Swoop thwarts new people-smuggling plot
By MARK BAKER
Tuesday 10 July 2001
Australian and Cambodian officials believe they have broken a conspiracy by Indonesian syndicates to smuggle asylum seekers into Australia through a new pipeline via the southern coast of Cambodia.
In a joint operation involving Australian Federal Police and immigration officers, Cambodian maritime police captured a fishing boat carrying about 250 Afghans and Pakistanis early on Sunday morning just 20 minutes after it sailed from the Cambodian port of Sihanoukville.
Cambodian authorities have arrested 12 Indonesians suspected of being part of a syndicate preparing to exploit Cambodia's lax border controls to open a new people-smuggling route to Australia.
Australian embassy officials said the boat was believed to be heading for the northern coast of Australia across the Gulf of Thailand, the South China Sea and through the Indonesian archipelago.
The Afghan and Pakistani passengers, who had been flown into Cambodia via Thailand in small groups over the past two months, faced a perilous voyage through the Gulf of Thailand, which is still in its annual typhoon season.
Australian embassy officials said the small timber coastal fishing boat was severely overcrowded and was carrying only two small cooking burners and two bags of rice for the five or six-day voyage to Australia.
"They were crammed in like passengers on a slave ship," said the Australian ambassador to Cambodia, Louise Hand. "They faced serious danger."
The passengers, including nine women and six children aged as young as six months, are believed to have paid between $US5000 and $US10,000 ($A9832-$19,666) for their journey to Australia. [emphasis added]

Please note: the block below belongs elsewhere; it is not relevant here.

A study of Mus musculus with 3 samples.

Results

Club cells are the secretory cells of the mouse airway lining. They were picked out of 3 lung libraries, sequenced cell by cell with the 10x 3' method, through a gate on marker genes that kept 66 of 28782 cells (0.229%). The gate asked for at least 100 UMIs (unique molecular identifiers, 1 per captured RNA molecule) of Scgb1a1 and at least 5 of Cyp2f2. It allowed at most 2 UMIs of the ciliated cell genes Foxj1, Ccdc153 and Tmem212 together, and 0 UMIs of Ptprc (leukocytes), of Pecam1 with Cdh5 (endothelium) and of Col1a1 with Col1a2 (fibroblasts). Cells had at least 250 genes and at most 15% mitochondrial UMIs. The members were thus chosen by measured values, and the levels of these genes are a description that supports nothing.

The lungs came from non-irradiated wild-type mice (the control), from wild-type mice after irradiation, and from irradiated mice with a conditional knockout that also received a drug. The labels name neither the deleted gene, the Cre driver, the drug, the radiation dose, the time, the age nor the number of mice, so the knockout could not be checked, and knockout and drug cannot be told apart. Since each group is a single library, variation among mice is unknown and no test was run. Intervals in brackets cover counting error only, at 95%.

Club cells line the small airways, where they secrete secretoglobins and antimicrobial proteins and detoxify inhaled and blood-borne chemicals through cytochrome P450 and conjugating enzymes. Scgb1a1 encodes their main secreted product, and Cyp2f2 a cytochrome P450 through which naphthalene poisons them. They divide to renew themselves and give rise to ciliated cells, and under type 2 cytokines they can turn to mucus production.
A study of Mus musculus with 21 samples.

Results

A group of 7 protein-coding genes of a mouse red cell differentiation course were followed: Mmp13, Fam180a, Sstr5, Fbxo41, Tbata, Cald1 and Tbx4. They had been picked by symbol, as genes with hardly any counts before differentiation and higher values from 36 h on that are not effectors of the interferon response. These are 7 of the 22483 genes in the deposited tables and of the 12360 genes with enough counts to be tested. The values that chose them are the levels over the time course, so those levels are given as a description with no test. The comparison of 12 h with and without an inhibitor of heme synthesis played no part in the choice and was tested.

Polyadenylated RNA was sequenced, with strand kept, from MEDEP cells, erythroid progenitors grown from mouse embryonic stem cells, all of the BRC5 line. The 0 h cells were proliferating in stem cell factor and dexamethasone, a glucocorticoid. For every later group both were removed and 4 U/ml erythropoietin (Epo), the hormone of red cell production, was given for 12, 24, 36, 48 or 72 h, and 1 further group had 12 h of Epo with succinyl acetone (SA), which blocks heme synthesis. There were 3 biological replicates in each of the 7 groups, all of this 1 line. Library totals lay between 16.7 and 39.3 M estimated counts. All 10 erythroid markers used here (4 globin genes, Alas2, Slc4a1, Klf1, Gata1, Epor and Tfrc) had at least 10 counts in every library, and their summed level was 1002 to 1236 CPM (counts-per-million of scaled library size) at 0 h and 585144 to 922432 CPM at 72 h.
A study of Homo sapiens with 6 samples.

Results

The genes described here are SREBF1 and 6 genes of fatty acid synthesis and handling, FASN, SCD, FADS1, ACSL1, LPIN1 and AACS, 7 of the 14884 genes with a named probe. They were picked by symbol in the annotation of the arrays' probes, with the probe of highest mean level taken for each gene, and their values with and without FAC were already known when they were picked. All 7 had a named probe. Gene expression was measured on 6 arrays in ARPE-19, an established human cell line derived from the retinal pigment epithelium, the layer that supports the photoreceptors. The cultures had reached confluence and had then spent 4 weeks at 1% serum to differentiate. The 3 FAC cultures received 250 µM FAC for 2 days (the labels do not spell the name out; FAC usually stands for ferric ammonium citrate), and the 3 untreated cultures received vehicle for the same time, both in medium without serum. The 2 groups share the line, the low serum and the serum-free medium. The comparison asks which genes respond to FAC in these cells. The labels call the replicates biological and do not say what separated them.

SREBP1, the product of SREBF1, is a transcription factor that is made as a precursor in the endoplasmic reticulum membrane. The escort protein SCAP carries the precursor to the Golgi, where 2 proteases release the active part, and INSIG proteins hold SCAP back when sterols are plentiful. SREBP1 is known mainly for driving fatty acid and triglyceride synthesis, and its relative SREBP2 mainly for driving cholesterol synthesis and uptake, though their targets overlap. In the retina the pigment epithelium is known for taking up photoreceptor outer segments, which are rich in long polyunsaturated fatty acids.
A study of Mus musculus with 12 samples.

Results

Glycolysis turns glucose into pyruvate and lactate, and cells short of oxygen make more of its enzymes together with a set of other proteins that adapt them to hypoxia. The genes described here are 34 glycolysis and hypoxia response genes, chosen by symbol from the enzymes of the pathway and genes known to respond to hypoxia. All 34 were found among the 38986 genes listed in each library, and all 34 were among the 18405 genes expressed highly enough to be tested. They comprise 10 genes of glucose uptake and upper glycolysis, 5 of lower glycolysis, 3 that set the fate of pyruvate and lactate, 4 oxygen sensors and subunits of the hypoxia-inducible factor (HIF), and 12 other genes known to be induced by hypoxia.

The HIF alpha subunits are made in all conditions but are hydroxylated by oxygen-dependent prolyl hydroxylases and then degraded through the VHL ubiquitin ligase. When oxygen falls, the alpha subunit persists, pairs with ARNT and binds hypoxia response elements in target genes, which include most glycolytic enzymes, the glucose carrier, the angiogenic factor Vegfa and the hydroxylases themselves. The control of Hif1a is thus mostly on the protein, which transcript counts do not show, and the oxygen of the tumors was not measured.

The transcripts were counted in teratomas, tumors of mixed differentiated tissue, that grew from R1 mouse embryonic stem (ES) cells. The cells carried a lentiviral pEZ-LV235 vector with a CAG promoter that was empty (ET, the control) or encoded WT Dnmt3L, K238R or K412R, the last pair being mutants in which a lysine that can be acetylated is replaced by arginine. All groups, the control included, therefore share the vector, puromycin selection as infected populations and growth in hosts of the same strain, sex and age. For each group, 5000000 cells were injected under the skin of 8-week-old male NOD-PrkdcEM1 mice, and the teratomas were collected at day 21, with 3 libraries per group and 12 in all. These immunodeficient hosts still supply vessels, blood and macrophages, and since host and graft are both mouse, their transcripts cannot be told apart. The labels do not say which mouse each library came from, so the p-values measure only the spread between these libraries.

Ms Hand praised the cooperation of Cambodian authorities in breaking the operation, which involved the first attempt by syndicates to use Cambodia as a transit point to Australia.
"We're overwhelmingly grateful to the Cambodian Government for their prompt response," she said. "If this operation had been successful it would have created a whole new route for people smuggling into Australia.
"For a country still in the early stages of its reconstruction, it is very hard to combat these kind of international criminal operations and it's heartening to see the Cambodian Government responding in this way."
Acting on information supplied by Australian Federal Police and immigration officers, Cambodian authorities first arrested the fishing boat's captain and crew on an island off the coast near Sihanoukville last Wednesday, but they were released after persuading police that they were not acting illegally.
However, the boat was kept under surveillance until it loaded the passengers near Sihanoukville and sailed at 1am on Sunday.
A spokesman for the Cambodian Department of Foreign Affairs, Brigadier-General Yon Chhony, said the passengers had been flown into Phnom Penh's Pochentong Airport in groups of 20 to 30 and billeted at cheap tourist hotels in the capital.
Late on Saturday they were driven south to Sihanoukville in a convoy of small buses and rushed aboard the fishing boat.
Those detained were carrying Afghan, Pakistani and Malaysian passports, some of which are believed to be false.
The Australian embassy is helping Cambodian authorities provide humanitarian assistance to the detainees pending a decision on their future.